As a municipal attorney in Maine, I can never predict what new legal challenge one of our many municipal clients will call about next. This is one of my favorite parts about my job. I say hardly because there is one topic that has come up very frequently over the past several months—marijuana.
Given the recent legislative changes and new rules issued by the Maine Office of Marijuana Policy, it is no wonder that many business owners and municipalities struggle to nail down what exactly is (or should be) the law of marijuana in their town. When you add the fact there is money to be made in the burgeoning marijuana industry, the issue becomes more clouded. Allow me to cut through the haze.
What did the Legislature do?
In 2018, the Legislature passed the Adult Use Marijuana Act and amended the Maine Medical Use of Marijuana Act. The new default law in every municipality is that adult-use (the government-approved way to say recreational marijuana) marijuana and medical marijuana establishments are prohibited unless the legislative body of each municipality chooses to “opt-in” and allow [and regulate] all or some adult-use and medical marijuana establishments.
How Does a Municipality “Opt-In?”
For adult-use marijuana, the legislative body of the municipality must vote after May 2, 2018, to adopt a new ordinance, amend an existing ordinance, or approve a warrant article allowing some or all of the following establishments to operate:
- Cultivation facility
- Testing facility
- Products manufacturing facility
- Marijuana store
To opt-in, a municipality cannot rely on votes taken prior to May 2, 2018.
For medical marijuana, the legislative body must vote after December 13, 2018, to adopt or amend an ordinance or approve a warrant article to allow all or some of the following establishments:
- Caregiver retail stores
- Registered dispensaries
- Marijuana testing facilities
- Marijuana manufacturing facilities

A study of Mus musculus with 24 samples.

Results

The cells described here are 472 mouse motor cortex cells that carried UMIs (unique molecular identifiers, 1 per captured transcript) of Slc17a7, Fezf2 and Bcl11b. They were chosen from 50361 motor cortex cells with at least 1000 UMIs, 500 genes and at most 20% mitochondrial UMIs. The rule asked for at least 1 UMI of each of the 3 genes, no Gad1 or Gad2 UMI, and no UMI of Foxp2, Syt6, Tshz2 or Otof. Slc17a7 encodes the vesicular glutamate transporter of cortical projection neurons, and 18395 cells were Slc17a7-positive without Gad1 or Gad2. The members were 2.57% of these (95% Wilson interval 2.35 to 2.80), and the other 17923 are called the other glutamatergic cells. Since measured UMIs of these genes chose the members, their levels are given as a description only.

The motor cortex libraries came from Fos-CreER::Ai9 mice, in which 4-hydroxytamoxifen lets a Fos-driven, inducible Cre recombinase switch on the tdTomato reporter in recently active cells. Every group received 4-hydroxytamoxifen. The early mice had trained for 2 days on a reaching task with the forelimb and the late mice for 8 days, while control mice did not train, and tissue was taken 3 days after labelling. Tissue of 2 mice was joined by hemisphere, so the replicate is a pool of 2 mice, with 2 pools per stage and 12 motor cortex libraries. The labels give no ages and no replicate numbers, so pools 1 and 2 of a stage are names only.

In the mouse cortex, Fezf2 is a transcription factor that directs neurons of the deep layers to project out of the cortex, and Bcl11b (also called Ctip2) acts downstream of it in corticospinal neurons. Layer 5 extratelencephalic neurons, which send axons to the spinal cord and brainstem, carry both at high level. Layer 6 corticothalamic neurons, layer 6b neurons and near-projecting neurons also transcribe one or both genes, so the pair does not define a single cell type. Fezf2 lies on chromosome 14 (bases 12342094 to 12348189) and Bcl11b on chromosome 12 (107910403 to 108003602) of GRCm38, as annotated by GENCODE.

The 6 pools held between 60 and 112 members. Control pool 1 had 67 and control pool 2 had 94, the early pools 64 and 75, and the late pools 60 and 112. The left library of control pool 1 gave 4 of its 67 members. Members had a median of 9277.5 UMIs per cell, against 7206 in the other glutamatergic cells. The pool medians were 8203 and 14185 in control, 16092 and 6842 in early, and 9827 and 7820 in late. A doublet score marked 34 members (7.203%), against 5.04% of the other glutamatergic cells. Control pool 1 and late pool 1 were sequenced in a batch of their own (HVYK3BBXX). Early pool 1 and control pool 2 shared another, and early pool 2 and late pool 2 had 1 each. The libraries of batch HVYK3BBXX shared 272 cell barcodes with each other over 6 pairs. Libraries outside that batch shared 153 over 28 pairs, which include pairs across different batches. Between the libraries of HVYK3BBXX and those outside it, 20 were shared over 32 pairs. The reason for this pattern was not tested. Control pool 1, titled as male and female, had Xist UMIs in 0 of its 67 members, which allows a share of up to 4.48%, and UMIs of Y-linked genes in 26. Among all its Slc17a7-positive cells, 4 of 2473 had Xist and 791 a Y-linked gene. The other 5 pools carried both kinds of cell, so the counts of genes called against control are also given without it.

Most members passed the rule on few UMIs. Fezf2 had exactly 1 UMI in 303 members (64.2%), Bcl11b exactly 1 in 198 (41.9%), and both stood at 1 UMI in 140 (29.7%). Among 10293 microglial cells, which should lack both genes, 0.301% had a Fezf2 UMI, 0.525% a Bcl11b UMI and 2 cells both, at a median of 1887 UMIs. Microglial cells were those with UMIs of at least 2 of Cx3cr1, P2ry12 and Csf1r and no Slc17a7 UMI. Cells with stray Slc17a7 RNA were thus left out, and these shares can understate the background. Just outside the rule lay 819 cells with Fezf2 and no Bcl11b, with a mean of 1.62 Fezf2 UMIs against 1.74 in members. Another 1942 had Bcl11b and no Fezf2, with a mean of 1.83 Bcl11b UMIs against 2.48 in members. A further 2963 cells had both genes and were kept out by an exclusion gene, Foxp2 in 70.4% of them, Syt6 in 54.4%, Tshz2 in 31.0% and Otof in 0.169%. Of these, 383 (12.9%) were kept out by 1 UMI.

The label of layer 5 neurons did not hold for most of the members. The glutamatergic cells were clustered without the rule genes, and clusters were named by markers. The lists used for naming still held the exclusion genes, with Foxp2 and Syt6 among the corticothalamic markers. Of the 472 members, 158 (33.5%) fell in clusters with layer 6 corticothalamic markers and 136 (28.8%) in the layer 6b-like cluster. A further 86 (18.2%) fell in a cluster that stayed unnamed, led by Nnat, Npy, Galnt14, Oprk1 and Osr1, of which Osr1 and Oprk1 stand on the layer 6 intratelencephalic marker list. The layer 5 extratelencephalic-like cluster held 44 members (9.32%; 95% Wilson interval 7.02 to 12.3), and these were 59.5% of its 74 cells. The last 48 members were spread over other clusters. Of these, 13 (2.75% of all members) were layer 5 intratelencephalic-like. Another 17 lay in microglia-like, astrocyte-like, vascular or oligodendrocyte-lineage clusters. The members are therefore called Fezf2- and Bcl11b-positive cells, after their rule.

What should a municipality that does not want more marijuana stores in its town do? Most likely, nothing. Of course, like anything, much depends on the specific laws and past actions of the municipality. Review these actions closely to answer this question.
It is important to note that the law is written in such a way that a simple citizen-petitioned article to “opt-in” may be enough to legalize all such marijuana establishments, even if the article was not accompanied by any regulations. This could have many unintended consequences, and we would caution our municipal clients against such an all-or-nothing approach.
In What Ways Can a Municipality Regulate Marijuana?
For most municipalities, the toughest issue is how to regulate the establishments that are allowed. The Legislature has given municipalities a lot of leeway, and many across Maine have already pursued a variety of approaches.
Acton passed an ordinance to limit the home cultivation of marijuana for personal use, except as specifically allowed by state law. On the opposite end of the spectrum, South Portland passed what appears to be the most comprehensive zoning and licensing scheme for adult-use marijuana to date in Maine.
What Can’t a Municipality Do?
There are some limits on how a municipality can regulate marijuana. A municipality can’t designate zones where marijuana establishments can and can’t go unless it has adopted a comprehensive zoning plan and passed general zoning laws. Further, a municipality must establish criteria for how it will award licenses if it wishes to award only a certain number of them.
Regarding medical marijuana, a municipality cannot limit the number of licensed caregivers. Also, any storefront already in operation with municipal approval as of December 13, 2018, is grandfathered. Unsurprisingly, whether a business is grandfathered can be very contentious. After all, what better business advantage is there than being the only business of its kind allowed in town?
As for adult-use marijuana, a municipality cannot license an establishment within a certain distance of an existing school. Also, a municipality may limit the number of plants one may grow, cultivate, and possess, but it can’t restrict the areas of the municipality where one can grow marijuana or charge a licensing fee for home-grown marijuana.